Some doctors, government officials and activists say new health care reform law could create jobs and lower health care costs listen12/14/11 Andrea Lypka
The organizer of the event was Darden Rice with KnowYour Care, a national organization that aims to engage the public in the dialogue about the health care reform.
“The Affordable Act does three things: it expands access so that 32 million more Americans can get some basic healthcare coverage. Secondly, it improves the affordability. And thirdly, it improves the quality of healthcare so that we are putting more money and energy into a healthcare system that is focused on wellness and prevention instead of a system where millions of people don’t see a doctor until they go into the emergency room where it is the most expensive way, sometimes the least effective to keep you and your family healthy,” Rice said.
Anton Gunn regional director of the U.S. Department of Health and Human Services said despite claims that health reform hurts the economy; private sector jobs have been created since the Affordable Care Act was signed in 2010.
“On our one year anniversary, 1.4 million jobs have been created in the United States of America of which 243,000 of them were in the health care industry, which is about 17 percent of our job creation,” he said.
According to the National Association of Community health Centers, 60 million Americans lack a source of primary care. Under the new law, Gadsden County in Florida was one of the recipients of a $15.4 million grant for building community health care centers in medically underserved communities.
“They were able to get construction grants to build a brand new medical facility on the other side of the county to provide access for care for people who don’t have it. They are able to serve 4,000 more patients in that country,” Gunn said.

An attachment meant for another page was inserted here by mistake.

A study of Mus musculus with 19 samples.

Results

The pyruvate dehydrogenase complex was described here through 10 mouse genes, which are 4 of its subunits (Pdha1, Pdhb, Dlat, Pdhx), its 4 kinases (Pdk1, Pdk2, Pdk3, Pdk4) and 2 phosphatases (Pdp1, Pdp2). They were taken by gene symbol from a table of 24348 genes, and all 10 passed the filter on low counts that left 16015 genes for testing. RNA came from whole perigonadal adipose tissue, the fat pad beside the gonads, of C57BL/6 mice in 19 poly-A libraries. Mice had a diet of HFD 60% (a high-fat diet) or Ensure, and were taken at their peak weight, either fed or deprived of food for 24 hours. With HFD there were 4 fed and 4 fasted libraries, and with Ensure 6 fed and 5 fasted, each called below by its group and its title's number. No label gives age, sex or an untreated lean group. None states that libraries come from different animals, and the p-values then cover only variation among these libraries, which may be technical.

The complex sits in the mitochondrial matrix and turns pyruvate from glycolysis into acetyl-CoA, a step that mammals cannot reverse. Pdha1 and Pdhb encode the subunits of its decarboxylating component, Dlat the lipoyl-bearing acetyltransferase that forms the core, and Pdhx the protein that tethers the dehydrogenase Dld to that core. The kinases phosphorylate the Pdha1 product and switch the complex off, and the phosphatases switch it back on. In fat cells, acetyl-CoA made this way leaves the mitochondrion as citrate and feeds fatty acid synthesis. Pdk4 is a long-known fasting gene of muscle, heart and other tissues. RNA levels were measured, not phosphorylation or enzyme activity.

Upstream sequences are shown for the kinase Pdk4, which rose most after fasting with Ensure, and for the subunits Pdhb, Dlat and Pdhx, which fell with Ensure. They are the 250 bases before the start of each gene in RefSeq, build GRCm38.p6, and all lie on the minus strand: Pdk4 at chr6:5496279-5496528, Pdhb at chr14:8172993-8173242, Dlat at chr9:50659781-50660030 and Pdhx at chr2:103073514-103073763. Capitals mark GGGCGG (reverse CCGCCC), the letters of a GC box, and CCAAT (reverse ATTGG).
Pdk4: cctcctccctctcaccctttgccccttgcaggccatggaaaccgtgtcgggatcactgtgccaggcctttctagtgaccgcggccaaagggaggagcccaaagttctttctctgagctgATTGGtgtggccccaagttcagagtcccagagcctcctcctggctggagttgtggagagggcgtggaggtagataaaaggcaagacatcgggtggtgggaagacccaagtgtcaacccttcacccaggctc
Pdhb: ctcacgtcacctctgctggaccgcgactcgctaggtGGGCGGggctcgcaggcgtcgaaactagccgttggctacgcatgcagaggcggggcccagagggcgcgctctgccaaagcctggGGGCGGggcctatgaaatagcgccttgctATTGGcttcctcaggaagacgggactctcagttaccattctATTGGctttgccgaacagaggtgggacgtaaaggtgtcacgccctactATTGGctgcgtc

Darden Rice said health care reform will attract more jobs to Florida.
“Here in Florida, the healthcare industry, I believe, makes up to 9 percent of our total jobs in the state. So, it is a driving force. Like I said, it just makes sense that as you bring in 32 million more people into the system, we are going to be creating more jobs. Not just directly for healthcare providers but for a number of medical related industries, industries that manufacture wheel chairs, syringes, equipment, uniforms, you name it, that’s all going toward improving the economy,” Rice said.
This is good news for physician Mona Mangat who is a small business owner and the southern regional director of Doctors for America. She said that Gov. Rick Scott's rejection of $50 million federal funding shortchanged uninsured or underinsured people.
“I am always speaking to people and we are always trying to figure out how are we going to do this if he (i.e., the governor) is not allowing us to set up these consumer agencies, he is not allowing us to set up the exchange. There is just so many roadblocks that I feel Florida is going to be left behind. And I fear for that,” Mangat said.
Florida has challenged the Affordable Care Act in courts. The Supreme Court will hear the case in the spring.